The No. 1 reason Americans say they don’t seek out mental health services is because they can’t afford it. That’s what inspired a mobile therapy company to give their services away for free.
Of the 5.3 million people in the U.S. in 2014 who had a perceived need for mental health services, 45.4 percent of them didn’t get them because they didn’t have the funds to cover it, according to the Substance Abuse and Mental Health Services Administration.
To help low-income people in need of such care, Talkspace — a therapy app — is donating 500 months’ worth of free services a year, the company announced in a release.
The program, dubbed “Therapy for All” will launch in July.
Talkspace has more than 300 licensed therapists on hand who are matched with clients based on their individual needs. Clients pay either $25 or $19 a week for unlimited messages with their therapists. Therapists and clients communicate via text, asynchronous audio and video messaging.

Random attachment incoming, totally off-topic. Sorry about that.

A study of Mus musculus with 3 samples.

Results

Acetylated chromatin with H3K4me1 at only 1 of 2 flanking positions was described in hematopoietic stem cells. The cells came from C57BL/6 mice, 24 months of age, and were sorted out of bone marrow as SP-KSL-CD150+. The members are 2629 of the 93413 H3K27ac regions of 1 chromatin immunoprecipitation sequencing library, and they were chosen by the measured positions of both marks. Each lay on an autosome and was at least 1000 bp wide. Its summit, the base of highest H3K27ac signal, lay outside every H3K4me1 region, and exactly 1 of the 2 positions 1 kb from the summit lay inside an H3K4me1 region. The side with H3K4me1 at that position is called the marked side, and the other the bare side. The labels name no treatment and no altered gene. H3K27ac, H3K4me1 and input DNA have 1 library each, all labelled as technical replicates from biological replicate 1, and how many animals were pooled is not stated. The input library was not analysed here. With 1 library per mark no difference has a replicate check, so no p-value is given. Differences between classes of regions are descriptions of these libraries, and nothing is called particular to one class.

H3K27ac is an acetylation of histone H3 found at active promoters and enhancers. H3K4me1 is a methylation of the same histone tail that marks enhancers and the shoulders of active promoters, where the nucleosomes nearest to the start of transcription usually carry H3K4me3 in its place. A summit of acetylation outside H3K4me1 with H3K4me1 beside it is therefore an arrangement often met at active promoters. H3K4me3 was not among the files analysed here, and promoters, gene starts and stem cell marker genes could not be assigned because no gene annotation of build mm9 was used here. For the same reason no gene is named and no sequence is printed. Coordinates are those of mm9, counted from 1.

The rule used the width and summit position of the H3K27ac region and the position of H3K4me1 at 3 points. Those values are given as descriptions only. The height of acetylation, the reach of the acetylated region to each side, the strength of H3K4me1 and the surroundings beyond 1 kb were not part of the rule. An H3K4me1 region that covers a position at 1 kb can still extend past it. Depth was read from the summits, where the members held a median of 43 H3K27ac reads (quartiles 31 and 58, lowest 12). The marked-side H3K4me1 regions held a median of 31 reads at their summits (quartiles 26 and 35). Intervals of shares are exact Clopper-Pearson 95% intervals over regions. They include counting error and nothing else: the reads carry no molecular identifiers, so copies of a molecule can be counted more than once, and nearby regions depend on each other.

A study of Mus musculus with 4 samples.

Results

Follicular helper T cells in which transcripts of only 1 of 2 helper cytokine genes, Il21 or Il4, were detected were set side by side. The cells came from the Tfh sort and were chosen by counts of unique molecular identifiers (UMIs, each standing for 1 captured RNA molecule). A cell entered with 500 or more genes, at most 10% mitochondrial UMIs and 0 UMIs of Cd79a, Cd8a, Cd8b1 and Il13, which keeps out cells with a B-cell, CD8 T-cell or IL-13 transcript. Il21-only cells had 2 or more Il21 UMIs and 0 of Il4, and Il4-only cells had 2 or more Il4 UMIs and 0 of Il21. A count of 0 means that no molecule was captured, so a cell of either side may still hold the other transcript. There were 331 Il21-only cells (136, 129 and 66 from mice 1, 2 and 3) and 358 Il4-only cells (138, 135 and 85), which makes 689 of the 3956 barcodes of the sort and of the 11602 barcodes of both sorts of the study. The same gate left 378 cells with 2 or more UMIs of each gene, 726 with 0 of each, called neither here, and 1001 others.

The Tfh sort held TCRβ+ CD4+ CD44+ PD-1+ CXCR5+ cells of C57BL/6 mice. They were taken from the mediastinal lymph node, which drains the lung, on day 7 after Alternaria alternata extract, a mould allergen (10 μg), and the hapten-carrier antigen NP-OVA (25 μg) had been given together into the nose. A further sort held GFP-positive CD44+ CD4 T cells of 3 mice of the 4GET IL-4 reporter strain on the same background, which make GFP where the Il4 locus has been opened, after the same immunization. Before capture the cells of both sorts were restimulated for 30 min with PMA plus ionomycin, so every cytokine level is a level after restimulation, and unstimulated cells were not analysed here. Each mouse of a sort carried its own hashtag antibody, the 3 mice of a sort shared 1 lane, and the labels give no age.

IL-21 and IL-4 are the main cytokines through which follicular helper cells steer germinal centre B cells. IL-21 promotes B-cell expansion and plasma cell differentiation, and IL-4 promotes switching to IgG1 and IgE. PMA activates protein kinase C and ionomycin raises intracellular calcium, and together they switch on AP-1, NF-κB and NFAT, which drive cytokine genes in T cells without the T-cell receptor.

The company doesn’t employ any licensed therapists, but serves as a marketplace where therapists can connect with new clients, according to The Wall Street Journal.
Considering that therapy can cost upward of $300 per session, Talkspace offers a pretty reasonable option. But still the company, which was founded in hopes of providing care to those who couldn’t afford it, or didn’t have the time to designate for sit-down sessions, found that many of its low-income clients were still struggling to pay the fees involved.
One 35-year-old client told his therapist that it took him four months to save $25 for one week of therapy, Roni Frank, co-founder, wrote in a blog post.
These services are particularly cost-prohibitive among young adults.
Nearly half of all people between the ages of 18 and 25 who needed mental health services didn’t receive them last year because of the costs associated with it, according to SAMHSA.
To offset the costs for such clients, the company is donating its services as part of an ongoing effort to break down the stigma surrounding mental health and to make it accessible to anyone who needs it.
“Mental health care is not a privilege for the rich,’ Frank wrote. “It is a right.”